Here’s a brief summary of my Kifaru Marauder field test in New Zealand. There are many things I like and don’t like about the Marauder and this field test really got me thinking about some areas of pack design I want custom made. The more packs I buy and try, the more I am convinced that a custom made pack is the only way to achive my kind of ‘perfect pack’.
The fact is, the Kifaru brand carried a lot of weight especially among the tactical, prepper and hunting enthusiast. Patrick Smith and his team certainly make some good, solid packs and it is no wonder why people love their products so much. Over the years, Kifaru has evolved and introduced more new models into the market and at the same time retired some of the older ones. The Kifaru Marauder I field tested is a Gen 1 model and is no longer offered by Kifaru.
I love the front panel loading design. It makes packing, organizing and retrieval of items from the inside of the pack a breeze. I can lay the pack on the ground, open the clam shell front panel and see all my stuff inside the pack. I don’t have to dive in and dig to look for my things and it is so much better than having to empty out the entire bag just to look for that darn chocolate bar.
Kifaru packs are one tough cookie. The Marauder boasts the 1000D Cordura which is one of the all time favorites for military/ tactical related products. I cannot find any fault in the construction of the pack at all really. There are however a few thread that seems to be ‘fraying’ from the bar-tack of the molle panels (note the small thread on the middle right hand side of the picture above). Though they are annoying, they don’t seem to come undone anymore than it is.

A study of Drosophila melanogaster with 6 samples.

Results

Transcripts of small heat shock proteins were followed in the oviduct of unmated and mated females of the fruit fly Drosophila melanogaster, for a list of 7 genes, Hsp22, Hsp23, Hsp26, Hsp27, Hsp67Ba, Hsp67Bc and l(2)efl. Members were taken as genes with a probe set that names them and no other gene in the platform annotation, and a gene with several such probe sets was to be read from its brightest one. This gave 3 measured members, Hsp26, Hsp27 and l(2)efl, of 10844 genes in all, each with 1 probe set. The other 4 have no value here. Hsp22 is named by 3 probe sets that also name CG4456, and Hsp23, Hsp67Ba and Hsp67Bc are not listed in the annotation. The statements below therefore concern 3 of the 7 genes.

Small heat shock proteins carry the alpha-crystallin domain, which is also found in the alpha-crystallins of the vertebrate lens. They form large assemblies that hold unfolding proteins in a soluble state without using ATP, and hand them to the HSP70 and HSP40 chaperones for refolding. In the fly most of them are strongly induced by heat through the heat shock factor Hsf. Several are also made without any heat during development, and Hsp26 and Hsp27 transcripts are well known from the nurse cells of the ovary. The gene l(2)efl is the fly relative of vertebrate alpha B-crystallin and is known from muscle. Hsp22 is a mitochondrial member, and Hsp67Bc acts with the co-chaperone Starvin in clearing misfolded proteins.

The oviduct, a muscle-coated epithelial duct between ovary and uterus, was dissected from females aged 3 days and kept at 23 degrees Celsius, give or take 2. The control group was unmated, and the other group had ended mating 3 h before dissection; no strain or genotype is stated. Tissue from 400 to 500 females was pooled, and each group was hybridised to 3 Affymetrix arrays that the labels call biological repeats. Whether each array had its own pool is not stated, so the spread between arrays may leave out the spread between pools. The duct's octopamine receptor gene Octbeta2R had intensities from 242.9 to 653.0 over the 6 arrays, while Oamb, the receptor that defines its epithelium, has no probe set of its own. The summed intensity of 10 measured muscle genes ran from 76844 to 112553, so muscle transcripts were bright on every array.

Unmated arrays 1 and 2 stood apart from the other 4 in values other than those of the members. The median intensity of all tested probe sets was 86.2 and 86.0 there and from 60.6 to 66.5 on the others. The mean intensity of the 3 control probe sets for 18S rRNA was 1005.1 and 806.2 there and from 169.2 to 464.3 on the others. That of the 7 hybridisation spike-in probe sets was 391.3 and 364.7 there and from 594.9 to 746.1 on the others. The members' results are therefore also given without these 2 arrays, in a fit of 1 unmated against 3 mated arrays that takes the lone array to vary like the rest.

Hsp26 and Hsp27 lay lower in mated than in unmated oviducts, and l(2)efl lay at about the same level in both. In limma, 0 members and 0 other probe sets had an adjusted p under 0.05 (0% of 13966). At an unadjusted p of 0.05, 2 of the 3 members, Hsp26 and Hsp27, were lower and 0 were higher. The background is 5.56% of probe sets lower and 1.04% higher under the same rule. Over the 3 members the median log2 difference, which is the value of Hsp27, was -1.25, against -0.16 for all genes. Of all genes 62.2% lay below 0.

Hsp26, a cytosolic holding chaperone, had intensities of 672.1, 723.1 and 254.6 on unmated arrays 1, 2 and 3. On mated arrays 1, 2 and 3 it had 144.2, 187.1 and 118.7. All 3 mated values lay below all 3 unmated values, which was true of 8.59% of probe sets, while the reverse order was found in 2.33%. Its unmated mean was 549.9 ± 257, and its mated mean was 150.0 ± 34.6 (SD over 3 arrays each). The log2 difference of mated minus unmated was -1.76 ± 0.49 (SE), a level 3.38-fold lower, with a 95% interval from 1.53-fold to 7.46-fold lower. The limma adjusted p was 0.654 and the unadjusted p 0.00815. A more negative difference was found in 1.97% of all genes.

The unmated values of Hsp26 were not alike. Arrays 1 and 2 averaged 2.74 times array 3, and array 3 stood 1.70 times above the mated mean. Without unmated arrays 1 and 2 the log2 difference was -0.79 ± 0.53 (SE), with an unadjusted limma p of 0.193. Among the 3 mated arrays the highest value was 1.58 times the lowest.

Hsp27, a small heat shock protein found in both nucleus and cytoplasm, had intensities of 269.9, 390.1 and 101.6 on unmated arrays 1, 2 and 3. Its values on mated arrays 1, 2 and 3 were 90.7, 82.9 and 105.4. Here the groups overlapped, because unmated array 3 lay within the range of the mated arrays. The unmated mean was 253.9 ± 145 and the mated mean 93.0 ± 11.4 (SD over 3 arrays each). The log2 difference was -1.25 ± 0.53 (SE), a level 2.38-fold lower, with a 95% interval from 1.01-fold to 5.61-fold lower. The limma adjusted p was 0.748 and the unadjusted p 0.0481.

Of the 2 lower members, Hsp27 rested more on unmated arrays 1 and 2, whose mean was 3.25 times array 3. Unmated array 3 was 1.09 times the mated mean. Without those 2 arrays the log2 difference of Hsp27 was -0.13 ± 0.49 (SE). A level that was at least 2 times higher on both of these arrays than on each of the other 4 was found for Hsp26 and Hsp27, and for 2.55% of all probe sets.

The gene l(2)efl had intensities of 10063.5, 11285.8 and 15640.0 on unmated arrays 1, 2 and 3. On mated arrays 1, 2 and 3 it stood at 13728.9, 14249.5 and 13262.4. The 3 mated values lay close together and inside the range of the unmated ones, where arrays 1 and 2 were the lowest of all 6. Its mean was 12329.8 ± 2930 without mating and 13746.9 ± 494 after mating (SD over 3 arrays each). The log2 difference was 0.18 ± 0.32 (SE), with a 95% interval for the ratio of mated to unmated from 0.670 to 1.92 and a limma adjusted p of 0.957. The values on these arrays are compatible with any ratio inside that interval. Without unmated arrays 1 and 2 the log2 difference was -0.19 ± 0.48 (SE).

Molle panels…thank God this Kifaru Marauder is covered with Molle panels. The Marauder is a small pack. I believe they were listed as 30 liters (about 2000 cubic inch) but damn they are a bit too small for my use in New Zealand. I was warned over and over again that the weather in New Zealand is ‘four seasons in a day’ and the pack’s limited space means I won’t be able to haul the extras inside the pack. The Molle panels enabled me to attach a Tatonka pouch on the front of the pack, probably adding about 3 liters of capacity to the entire set-up.
Perhaps docking the Tatonka on the Kifaru Marauder is a good thing as well. It adds on a bit more capacity which I needed and it sorta like ‘masks’ the tactical look of the pack. Something that’s constantly haunting me after the Camelbak Trizip experience.
I hauled this Kifaru Marauder on a few hours walks on trails around Te Anau, Fiordland National and Glenorchy. Overall, I am happy with the pack but my biggest gripe would have to be the shoulder straps. I reset the shoulder straps a few times, carried it but it constantly bugs me with discomfort on my shoulders. Yes, I did not have a waist belt on the Marauder to help shift the pack’s weight to my waist but I don’t usually feel this sort of discomfort on my shoulders on packs like S.O. Tech Mission Pack or the LBT Geronimo . Strange. However, the discomfort is gone as soon as I snap on my chest strap! So…there I was tramping on trails in New Zeland and walking down the streets of Queenstown, Dunedin and Christchurch with a Kifaru Marauder all buckled up to my chest strap! Strange feeling indeed.
While I would still like to own this pack, sad to say that comfort is a major deciding factor. This extended field test of the Marauder in New Zealand has certainly inflicted wounds on what I have hoped to be a fairy-tale ending relationship. I still have some time in New Zealand and hopefully I will discover how to better fit the shoulder straps to suit me. If that does not work, maybe I will just get use to the discomfort (hate the idea of putting on the chest strap all the time!)
So…what now? Would I sell it? Maybe. If not? Keep the pack for what?? Bragging rights of course. After all…this Marauder is still a Kifaru.
Note: Read this post on additional pouches made for this Kifaru Marauder.